Split Complementary Color Schemes With Tableau
31 May

Split Complementary Color Schemes With Tableau .

Data | Marketing | 0 Comments

The Color Theory is a factor in many industries, but especially in those that use visuals. When graphing data, the colors can greatly impact those viewing it.  Choosing what colors are going to be used can be critical to how the information may be perceived.

Vizual Intelligence will be releasing an e-learning course that will cover the foundation of color theory and how to apply it to data visualization.  This will include a basic explanation of the color theory and how to apply the six main color schemes to visualizations in Tableau. In the video below we talk about the tool used  to come up with the color schemes an a example of how to implement one of the main color schemes in Tableau.


See the complete video here

Interact with the dashboard below

Split Complementary Color Scheme With Tableau


Step 1

The color scheme tool we use is called Paletton. Paletton is a website that has color schemes already built in and is very easy to navigate. Paletton also makes it very easy to copy and paste custom HTML color codes so they may be exported into Tableau.




Step 2

The color scheme that will be used as an example today is a Split Complementary color scheme. You would use a Split Complementary color scheme when you want to highlight one element which would be the dominant one, but you would still like to distinguish the others. There will be one dominant color and then a combination of complementary colors. In this example, the blue dot will be the dominant point and the different shades of orange and yellow will be the complementary colors.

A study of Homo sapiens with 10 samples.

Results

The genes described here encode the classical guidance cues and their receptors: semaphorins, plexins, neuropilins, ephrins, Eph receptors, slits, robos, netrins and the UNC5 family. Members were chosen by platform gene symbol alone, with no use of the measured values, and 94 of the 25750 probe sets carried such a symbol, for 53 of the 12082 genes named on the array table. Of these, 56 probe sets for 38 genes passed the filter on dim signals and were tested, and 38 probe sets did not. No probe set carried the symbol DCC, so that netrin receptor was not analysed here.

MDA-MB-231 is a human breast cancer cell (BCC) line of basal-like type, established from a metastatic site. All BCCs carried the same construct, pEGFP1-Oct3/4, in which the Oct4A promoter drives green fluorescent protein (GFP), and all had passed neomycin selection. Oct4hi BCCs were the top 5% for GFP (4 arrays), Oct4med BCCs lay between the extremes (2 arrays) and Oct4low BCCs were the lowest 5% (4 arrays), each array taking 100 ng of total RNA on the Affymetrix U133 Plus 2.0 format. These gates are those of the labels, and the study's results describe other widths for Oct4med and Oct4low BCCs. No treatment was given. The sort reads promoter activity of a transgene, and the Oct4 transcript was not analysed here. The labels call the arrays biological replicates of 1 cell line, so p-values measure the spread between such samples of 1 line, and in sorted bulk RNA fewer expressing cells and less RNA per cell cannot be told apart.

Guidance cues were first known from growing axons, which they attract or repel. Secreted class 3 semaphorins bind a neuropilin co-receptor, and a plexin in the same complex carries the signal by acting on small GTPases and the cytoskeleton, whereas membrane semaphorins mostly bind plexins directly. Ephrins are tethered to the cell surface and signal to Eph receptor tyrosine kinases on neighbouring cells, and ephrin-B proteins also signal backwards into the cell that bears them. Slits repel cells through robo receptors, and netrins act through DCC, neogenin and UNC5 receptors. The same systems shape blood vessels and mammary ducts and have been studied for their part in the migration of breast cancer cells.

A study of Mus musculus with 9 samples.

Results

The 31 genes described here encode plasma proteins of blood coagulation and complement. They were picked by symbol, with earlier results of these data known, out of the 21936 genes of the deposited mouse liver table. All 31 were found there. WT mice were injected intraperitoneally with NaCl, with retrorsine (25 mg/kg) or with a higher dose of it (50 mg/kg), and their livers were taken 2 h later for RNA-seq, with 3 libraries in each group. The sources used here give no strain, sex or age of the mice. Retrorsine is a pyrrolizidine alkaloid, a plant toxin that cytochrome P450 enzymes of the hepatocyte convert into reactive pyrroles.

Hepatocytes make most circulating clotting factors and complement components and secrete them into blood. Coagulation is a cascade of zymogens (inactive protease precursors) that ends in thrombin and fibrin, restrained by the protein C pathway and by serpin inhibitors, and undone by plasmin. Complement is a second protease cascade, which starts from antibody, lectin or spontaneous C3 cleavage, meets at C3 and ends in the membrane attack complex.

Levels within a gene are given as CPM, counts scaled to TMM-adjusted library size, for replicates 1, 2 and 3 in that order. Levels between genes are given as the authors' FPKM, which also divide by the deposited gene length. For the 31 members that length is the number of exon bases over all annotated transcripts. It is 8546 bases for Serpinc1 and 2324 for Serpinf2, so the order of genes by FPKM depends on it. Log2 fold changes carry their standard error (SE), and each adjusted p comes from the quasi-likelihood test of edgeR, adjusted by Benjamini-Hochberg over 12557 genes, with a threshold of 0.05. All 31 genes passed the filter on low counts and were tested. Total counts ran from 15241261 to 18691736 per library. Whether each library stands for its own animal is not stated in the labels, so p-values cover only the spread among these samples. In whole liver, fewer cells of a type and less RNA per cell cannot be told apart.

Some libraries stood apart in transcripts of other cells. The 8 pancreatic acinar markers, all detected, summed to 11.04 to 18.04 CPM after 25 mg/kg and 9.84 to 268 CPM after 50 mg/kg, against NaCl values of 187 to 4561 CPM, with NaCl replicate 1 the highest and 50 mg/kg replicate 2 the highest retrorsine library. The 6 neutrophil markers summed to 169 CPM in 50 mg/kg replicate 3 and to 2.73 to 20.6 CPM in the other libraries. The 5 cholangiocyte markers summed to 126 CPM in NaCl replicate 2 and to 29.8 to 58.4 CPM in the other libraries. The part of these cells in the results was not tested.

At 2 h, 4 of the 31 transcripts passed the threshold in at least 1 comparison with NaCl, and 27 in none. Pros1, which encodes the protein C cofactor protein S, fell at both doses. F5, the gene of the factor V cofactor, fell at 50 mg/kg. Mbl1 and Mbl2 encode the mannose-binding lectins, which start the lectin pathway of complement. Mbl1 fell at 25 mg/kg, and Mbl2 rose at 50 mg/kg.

Step 3

The box on the bottom left is where the dominant’s HTML code can be found or entered. This code can easily be copied and pasted into Tableau. Above it to the right, is where you can see the two complementary points. Where each point falls represents the complementary hue that will be used. It is important to know that the distance between the complementary points must be 30 degrees. This can be adjusted in the rectangular box that is to the right above the color palette.


Step 4

To the right of the palette, you will find a square that is sectioned off and has colors within each section. The colors that are shown are determined by the points chosen in the palette on the left-hand side.








Step 5

When any of the colors are left-clicked, a box will appear. Within this box, you can find the HTML code of the color which can be copy and pasted into Tableau.







Example In Tableau

Here is an example in Tableau, as you can see in the legend on the right-hand side. There are four  different regions; West, Central, East, and South.

Our department is in the west and is most important to us, the West will be our dominant element in this example. We want it to stand out in the graph and also show the other three regions but in a supporting role. To do this, we will use split complementary.



To set the colors taken from Paletton, follow these simple steps.

1. Click ‘Colors’

2. Edit Colors

3. Double click the region to be adjusted


4. Paste HTML code from Paletton

5. Apply


In the full version of the e-learning course, we will go over the six main color schemes with examples in Tableau. If you have questions, comments or suggestions for topics you’d like to see, please leave them below. And don’t forget to scroll up and subscribe to the Tableau newsletter for more information and tips on using Tableau!